Teams of undergraduate students huddled quietly around the gray metal desks in the teaching labs at Harvard’s Science Center. Each group was creating a calorimeter out of a used soda can and scavenged Styrofoam cups to determine the energy density and efficiency of the biodiesel they had extracted the week before from waste fryer oil provided by Annenberg Dining Hall.

The students’ research factors into both scholarship and institutional action as Harvard works to generate solutions to the challenge of climate change. They have joined the ranks of Harvard Kennedy School faculty member James Stock, who received one of the first Climate Change Solutions Fund grants for his research investigating market impediments to biofuels penetration. Institutionally, the students are looking at the University’s 2004 decision to fuel its shuttles with biodiesel, which emerged as an alternative fuel source for vehicles because it creates fewer greenhouse gas emissions and reduces pollution.

“The biodiesel lesson definitely personalized the manner in which we utilize energy here on campus,” said Victor Agbafe ’19. “In many instances, when we are thinking about how Harvard as an institution is trying its best to set new trends in saving energy, it can be abstract, and we can’t often observe tangible examples of how this is implemented on a daily basis.”

Students involved in the teaching lab’s biodiesel experiment said the work has given them new perspectives on the larger local, regional, and global issues of energy and sustainability.

The story of how waste vegetable oil from Harvard’s freshman dining hall ended up being used in one of the College’s most popular chemistry classes began as a collaboration between the Office for Sustainability’s (OFS) FAS Green Program and Sirinya Matchacheep, Ph.D. ’07, the director of instructional programs in the Department of Chemistry and Chemical Biology. Matchacheep, an active OFS Green Team member, wanted to incorporate lessons from the campus commitment to sustainability into the curriculum of the teaching labs classes she facilitates. She partnered with sustainability coordinator Anthony Michetti to identify several creative ways to do just that for the nearly 400 students taking the Chemistry Department’s entry-level PS1 and PS11 classes.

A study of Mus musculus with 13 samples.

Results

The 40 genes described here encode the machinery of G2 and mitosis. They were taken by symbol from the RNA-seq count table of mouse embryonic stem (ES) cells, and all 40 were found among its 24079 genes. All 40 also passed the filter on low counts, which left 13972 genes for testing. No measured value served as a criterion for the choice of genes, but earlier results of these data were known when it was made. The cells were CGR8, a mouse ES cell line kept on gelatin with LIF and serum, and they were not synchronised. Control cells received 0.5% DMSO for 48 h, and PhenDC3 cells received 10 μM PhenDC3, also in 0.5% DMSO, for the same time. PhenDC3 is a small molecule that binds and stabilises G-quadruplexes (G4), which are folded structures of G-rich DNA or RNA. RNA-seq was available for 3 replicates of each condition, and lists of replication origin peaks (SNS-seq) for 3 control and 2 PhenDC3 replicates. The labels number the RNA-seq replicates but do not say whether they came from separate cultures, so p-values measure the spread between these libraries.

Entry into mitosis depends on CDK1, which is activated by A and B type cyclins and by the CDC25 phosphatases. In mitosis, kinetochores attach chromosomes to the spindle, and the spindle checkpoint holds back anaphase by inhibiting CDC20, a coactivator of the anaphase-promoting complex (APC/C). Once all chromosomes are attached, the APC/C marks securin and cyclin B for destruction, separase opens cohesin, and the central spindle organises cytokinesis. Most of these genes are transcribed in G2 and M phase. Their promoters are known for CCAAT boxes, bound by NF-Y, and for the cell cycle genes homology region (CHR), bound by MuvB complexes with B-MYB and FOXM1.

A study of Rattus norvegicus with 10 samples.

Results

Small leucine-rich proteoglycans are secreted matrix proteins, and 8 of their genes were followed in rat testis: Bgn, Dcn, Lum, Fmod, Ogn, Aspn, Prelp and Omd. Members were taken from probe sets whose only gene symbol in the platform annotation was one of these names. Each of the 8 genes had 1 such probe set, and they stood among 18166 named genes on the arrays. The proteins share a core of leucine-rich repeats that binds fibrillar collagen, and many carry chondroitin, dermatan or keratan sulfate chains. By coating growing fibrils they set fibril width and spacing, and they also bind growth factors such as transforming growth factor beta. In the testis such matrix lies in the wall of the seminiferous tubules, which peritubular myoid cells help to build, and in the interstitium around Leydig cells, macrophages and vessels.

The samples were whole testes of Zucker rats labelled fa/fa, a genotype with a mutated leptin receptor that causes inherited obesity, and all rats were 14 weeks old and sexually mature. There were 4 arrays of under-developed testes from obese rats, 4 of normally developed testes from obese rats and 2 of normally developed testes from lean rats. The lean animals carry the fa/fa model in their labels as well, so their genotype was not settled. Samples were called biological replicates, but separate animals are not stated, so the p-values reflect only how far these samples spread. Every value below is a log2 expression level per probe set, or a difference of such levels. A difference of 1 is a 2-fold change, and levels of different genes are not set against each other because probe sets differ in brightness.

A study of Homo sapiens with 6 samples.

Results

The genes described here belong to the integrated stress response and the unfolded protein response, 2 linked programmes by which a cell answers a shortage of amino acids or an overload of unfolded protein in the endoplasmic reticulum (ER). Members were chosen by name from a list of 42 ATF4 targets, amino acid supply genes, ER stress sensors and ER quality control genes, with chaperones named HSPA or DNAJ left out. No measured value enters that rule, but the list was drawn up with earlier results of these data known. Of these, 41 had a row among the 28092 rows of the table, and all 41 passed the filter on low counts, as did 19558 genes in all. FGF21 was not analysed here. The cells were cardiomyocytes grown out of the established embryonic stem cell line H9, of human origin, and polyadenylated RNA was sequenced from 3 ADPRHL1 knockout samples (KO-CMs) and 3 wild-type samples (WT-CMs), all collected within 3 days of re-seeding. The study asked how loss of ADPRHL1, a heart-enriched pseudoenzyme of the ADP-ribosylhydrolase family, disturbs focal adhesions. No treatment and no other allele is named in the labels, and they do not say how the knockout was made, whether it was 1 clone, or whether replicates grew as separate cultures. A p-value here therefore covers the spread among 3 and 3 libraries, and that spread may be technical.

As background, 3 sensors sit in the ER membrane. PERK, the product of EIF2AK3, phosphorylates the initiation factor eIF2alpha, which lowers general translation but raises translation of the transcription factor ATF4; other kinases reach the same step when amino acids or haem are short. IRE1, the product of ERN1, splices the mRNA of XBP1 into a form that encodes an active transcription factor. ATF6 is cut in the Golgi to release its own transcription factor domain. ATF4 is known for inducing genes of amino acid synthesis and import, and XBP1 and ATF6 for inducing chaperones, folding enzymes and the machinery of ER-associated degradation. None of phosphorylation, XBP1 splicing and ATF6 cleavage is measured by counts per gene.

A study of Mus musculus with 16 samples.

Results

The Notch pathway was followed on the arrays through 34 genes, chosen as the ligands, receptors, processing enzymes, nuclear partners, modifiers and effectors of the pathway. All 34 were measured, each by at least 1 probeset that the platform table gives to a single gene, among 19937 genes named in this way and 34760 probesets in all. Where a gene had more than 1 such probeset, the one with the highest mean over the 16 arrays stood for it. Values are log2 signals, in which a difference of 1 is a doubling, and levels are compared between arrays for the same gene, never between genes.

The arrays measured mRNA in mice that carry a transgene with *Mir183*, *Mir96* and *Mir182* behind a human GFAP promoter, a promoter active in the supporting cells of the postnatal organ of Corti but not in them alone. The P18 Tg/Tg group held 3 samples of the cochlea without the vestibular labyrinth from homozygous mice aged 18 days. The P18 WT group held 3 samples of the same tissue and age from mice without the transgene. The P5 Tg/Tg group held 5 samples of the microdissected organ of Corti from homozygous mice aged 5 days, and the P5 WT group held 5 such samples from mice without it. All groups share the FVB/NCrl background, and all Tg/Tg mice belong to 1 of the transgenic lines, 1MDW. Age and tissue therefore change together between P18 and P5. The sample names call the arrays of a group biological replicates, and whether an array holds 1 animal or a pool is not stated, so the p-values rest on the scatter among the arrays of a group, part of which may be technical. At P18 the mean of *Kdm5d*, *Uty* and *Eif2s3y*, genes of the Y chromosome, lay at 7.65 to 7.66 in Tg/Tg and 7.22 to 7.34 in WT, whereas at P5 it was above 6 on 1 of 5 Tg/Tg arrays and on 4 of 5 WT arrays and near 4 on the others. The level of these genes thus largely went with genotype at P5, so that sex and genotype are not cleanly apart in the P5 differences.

“Energy and sustainability are both interesting and relevant,” said Matchacheep. “By incorporating these topics and real-world examples from the campus into our classroom, students can walk out of the lab and understand what is being talked about in the news, and have the tools to make informed decisions.”

Students heard directly from Michetti about Harvard’s Sustainability Plan and the goal set in 2008 to reduce greenhouse gas emissions by 30 percent by 2016. They learned how blackberries and raspberries used as part of a solar cell lab were composted, providing additional insight into waste reduction efforts across campus. Tours of the University’s Blackstone Steam Plant and chilled-water facilities gave a hands-on demonstration of energy systems and the chemistry of the heating and cooling cycle.

Harvard’s faculty and students are increasingly using the campus and surrounding community as living laboratories for understanding the multifaceted problems posed by global climate change and sustainable development. In the past year, the Office for Sustainability has increased resources and attention to facilitate a greater number of these projects to provide valuable experiential learning opportunities and inform the work being done on campus to reduce energy and enhance well-being.

“Previously, I wasn’t very familiar with how what we usually consider waste on campus can be used for sustainable purposes,” said Jesper Ke ’19. “Participating in this lab and hearing directly from those at Harvard working on sustainability has made me more mindful of the role that we students can also play in helping with these efforts.”